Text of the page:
Flat 1, 19 The Paragon, Walcot
19 The Paragon forms part of a Grade I late-18th century terrace of townhouses situated within the Bath conservation area and World Heritage Site. It is overlooked by the adjacent Grade II raised pavement and the Grade II late 18th century terraced townhouses at The Vineyards, whilst the steep slope to the east provides The Paragon with elevated views over Walcot Street to the rear as well as clear, unobscured views across the terrace’s backland elevation. The Paragon is one of Bath’s earliest ‘crescent’ constructions, pre-dating works on the Royal Crescent, and is therefore a significant evidential aspect of the Georgian Town Planning and Georgian Architecture OUV of the World Heritage Site. It possesses strong group value as part of a “monumental ensemble[s]” of interconnecting, grandly articulated terraces to the west via Lansdown Road. The building has since been subdivided into flats, likely around the post-war era, and the ground/basement floors currently function as a two-bed maisonette, but these works have not been extended to the sub-basement which, whilst described as “dilapidated”, retain its original, historic vaulted character and appearance without significant modern intervention.
We acknowledge there are some issues relating to damp penetration and encourage remedial works that target the root of the issue such as the improvement of drainage in the front-facing lightwell.
However, the Trust is resistant in principle to the conversion of historic basements, cellars, and vaults to provide residential or domestic spaces. Typically, these areas retain a largely unaltered appearance that is historically, architecturally, and evidentially significant and associated with the historic function and use of the main dwelling. BPT maintains that these areas, due to expected levels of damp and poor air quality, are not considered suitable for domestic usage, and should have an ancillary function only as a store room or utility space that requires minimal interventions into the historic fabric.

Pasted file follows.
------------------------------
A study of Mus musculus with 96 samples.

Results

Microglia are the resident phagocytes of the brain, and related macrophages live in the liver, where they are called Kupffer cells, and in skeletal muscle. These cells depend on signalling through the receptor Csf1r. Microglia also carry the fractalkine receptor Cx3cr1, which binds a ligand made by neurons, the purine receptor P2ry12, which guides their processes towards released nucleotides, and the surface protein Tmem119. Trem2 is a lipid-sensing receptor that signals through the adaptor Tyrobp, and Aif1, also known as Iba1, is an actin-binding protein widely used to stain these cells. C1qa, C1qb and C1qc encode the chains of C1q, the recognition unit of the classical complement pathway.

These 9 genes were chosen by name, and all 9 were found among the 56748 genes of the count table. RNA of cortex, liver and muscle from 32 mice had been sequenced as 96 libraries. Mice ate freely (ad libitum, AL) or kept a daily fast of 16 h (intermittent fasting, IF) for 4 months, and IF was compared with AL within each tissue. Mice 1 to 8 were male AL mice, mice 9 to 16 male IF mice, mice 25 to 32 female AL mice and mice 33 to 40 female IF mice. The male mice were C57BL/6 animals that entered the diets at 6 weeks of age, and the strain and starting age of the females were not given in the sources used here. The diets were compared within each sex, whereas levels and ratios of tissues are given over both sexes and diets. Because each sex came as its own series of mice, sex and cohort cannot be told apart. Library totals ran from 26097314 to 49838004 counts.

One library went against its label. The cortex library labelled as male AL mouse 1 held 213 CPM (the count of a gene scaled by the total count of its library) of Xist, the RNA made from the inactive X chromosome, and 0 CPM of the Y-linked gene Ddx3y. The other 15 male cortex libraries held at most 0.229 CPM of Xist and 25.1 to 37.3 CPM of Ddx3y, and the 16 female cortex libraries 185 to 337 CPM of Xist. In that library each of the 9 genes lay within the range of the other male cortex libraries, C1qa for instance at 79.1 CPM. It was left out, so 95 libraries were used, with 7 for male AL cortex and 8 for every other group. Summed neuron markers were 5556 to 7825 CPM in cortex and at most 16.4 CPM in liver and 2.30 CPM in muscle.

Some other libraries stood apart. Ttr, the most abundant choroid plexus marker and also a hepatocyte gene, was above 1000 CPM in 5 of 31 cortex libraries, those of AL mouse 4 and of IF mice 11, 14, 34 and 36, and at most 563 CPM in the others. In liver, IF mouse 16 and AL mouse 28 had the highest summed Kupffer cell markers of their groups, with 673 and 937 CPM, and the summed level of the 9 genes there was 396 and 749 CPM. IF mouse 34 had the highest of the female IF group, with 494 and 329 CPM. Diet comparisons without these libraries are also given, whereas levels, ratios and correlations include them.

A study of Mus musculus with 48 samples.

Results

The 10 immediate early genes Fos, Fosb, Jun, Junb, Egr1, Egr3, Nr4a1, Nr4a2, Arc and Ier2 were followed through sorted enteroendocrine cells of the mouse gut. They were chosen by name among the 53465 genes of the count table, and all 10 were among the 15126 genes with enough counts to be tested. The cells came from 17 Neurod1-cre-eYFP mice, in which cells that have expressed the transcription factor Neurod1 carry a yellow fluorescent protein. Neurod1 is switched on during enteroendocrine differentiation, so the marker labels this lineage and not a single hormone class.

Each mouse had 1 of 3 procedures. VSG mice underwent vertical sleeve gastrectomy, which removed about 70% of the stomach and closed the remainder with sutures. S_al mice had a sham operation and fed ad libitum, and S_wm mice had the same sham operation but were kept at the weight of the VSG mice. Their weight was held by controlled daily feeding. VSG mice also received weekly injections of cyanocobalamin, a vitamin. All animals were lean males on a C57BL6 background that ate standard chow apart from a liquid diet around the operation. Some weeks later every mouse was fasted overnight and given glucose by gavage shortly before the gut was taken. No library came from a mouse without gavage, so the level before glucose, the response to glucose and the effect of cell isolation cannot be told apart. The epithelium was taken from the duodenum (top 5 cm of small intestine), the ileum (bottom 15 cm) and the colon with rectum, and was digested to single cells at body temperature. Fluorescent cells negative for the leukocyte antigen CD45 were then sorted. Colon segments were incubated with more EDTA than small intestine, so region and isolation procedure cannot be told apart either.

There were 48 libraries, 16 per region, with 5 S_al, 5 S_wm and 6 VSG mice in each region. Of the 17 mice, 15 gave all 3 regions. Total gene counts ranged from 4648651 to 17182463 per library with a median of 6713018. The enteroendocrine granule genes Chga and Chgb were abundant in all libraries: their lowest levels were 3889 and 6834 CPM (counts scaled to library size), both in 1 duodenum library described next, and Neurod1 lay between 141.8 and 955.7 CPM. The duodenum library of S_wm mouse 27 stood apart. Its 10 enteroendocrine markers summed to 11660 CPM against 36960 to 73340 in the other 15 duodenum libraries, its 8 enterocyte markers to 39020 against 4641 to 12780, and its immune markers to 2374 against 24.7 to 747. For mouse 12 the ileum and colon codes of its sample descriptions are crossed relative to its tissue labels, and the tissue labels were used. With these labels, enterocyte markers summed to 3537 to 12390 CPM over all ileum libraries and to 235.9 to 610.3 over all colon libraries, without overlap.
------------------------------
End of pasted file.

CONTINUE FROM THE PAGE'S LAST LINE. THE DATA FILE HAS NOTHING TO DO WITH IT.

Therefore, we feel that the proposed residential function of the sub-basement and its vaults would be inappropriate in principle unless proven otherwise. The space is not suitable for modern standards of living, with poor outlook, natural light, and passive ventilation, without material intervention at the detriment to its largely unchanged historic appearance and atmosphere. In particular, the use of one of the vaults as a bathroom would have a notable impact on the humidity and temperature of this space, and a significant unbalance of the vault’s existing atmosphere could result in increased future damp or condensation issues that would require more intrusive damp proofing measures.
Whilst more sympathetic measures such as lime plaster application can reduce levels of damp, this does not guarantee that the basement would be a damp-free space suitable for human habitation and we remain concerned that conversion would prompt the use of more visually intrusive damp proofing measures.
The Trust is supportive of proposals for the repurposing of vacant historic buildings and spaces within the city centre to ensure their continued use and associated maintenance. However, we maintain that the sub-basement is not fit for residential conversion and would therefore encourage its use as an ancillary storage space. We suggest that the sub-basement floor could be used as a self-contained one-bed flat without needing to expand across another floor with resulting harm to the architectural and historic interest of a listed building.
This application is therefore contrary to the Planning (Listed Buildings and Conservation Areas) Act 1990, Section 16 of the NPPF, and Policies B1, BD1, CP6, D1, D2, D3, and HE1 of the Core Strategy and Placemaking Plan and should be refused or withdrawn.